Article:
Proud owners of eight dogs, Phillip and Julie Tippens sit on the porch of their home with some of the dogs which killed the rabid raccoon.Damon Howell / Photo
It was one of the “good stories” said Jan Stephens of the county Environmental Health Department.
A beloved group of family dogs killed a rabid raccoon without suffering injury. All the dogs were up-to-date on their rabies vaccinations, so booster shots were given, and all the animals are still running around the Townsend Road home of Phillip and Julie Tippens.
According to Ms. Tippens, her eight family dogs are a “wide variety” of rescue animals. Some were likely dumped at their residence. Others appear to have just shown up.
All the “funny mixed-up family” have been spayed/neutered and, most importantly in this case, properly vaccinated against rabies.
Ms. Tippens said, from her work in an emergency room, she knows rabies is a threat to humans and pets. She has always made a point to have her animals vaccinated.
“We live in the woods and have never had a close call, but we’ve always gotten them their shots,” she said.
Ms. Tippens said she and her husband heard a commotion about 6:30 one evening and ran outside to find the dogs with the raccoon. While the dogs already had the upper hand, the Tippens were able to separate the animals and shoot the raccoon.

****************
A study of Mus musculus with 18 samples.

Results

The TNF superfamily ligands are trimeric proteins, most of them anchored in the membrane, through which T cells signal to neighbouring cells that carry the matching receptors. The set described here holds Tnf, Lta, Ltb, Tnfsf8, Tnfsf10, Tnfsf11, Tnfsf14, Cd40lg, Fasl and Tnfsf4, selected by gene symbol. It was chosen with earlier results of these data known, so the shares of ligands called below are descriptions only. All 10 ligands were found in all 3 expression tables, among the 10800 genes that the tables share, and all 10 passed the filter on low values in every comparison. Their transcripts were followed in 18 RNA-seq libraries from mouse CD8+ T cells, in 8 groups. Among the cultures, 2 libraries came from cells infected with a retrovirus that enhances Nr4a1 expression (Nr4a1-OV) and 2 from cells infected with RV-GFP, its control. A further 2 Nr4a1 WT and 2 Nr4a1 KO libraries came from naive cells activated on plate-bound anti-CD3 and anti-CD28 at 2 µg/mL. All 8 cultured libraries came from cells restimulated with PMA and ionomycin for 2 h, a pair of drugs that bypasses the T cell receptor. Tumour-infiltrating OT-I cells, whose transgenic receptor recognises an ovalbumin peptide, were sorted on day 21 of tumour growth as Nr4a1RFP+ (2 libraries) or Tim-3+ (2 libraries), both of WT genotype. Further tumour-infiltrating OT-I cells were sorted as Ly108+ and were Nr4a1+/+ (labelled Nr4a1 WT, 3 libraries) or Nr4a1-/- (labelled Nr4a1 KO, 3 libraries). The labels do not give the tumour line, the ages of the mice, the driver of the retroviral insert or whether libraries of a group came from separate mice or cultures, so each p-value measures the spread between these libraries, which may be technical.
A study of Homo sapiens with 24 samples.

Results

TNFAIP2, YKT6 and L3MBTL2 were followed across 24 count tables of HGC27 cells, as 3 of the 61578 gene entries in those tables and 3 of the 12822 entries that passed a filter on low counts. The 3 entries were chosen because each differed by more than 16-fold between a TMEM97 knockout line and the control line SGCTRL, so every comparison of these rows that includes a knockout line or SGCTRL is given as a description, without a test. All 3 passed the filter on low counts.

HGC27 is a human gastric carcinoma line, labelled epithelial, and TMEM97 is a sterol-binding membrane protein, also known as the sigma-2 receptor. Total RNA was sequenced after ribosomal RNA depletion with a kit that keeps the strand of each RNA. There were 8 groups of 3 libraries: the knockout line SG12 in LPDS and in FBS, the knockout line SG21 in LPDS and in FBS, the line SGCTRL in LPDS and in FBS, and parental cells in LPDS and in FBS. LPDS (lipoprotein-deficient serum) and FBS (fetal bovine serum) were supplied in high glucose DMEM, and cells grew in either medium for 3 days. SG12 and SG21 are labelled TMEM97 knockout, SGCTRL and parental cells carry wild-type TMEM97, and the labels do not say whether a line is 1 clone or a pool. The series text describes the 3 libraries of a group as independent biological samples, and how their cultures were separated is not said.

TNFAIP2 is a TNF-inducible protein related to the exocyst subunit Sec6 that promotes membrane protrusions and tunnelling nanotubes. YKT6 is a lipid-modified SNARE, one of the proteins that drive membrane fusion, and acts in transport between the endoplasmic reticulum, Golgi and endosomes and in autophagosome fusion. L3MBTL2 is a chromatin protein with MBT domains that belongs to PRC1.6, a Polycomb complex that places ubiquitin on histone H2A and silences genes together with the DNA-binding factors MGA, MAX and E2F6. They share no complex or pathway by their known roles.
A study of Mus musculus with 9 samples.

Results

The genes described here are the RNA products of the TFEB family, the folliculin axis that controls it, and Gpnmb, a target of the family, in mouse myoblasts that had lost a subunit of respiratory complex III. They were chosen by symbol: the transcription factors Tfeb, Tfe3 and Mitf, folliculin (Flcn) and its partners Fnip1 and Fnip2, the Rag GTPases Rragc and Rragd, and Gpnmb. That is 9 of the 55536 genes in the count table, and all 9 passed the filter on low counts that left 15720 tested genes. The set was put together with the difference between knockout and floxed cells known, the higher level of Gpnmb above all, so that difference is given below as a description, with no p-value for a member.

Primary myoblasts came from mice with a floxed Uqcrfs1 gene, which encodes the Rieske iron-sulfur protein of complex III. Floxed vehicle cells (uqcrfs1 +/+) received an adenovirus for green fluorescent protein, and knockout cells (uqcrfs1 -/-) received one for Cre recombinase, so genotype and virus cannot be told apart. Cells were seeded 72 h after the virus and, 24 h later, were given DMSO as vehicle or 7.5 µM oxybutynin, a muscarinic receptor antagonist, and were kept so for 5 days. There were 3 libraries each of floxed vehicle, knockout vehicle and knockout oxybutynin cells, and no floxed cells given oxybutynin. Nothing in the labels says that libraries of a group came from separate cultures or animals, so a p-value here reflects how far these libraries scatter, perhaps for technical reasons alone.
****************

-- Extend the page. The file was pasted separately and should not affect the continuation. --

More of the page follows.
Ms. Tippens said they then stored the wrapped-up raccoon in their refrigerator as instructed by 911, which “was pretty gross,” she said. Stephens sent off the animal’s head for testing, and it was confirmed as rabid earlier this week.
Tippens said they were pretty sure the raccoon would test positive for rabies, as they believe the animal had walked up onto the porch in daylight with the dogs present.
Health experts say seeing nocturnal animals like raccoons in daylight is a possible indication of rabies. Seeing wild animals approach people or pets is another sign.
Ms. Tippens said one dog suffered a scratch on its leg, possibly as a result of the raccoon encounter, but the other dogs appeared unharmed. All were given booster shots for rabies.
If the dogs had not been up to date on their rabies vaccination, contact with the rabid raccoon would have resulted in their having to be destroyed.
Stephens commended pet owners like the Tippens “who do everything right” - rescue animals; spayed-neutered; proper vaccinations.
Stephens said summer months usually see the most rabies cases. She urges all pet owners to have their animals vaccinated now.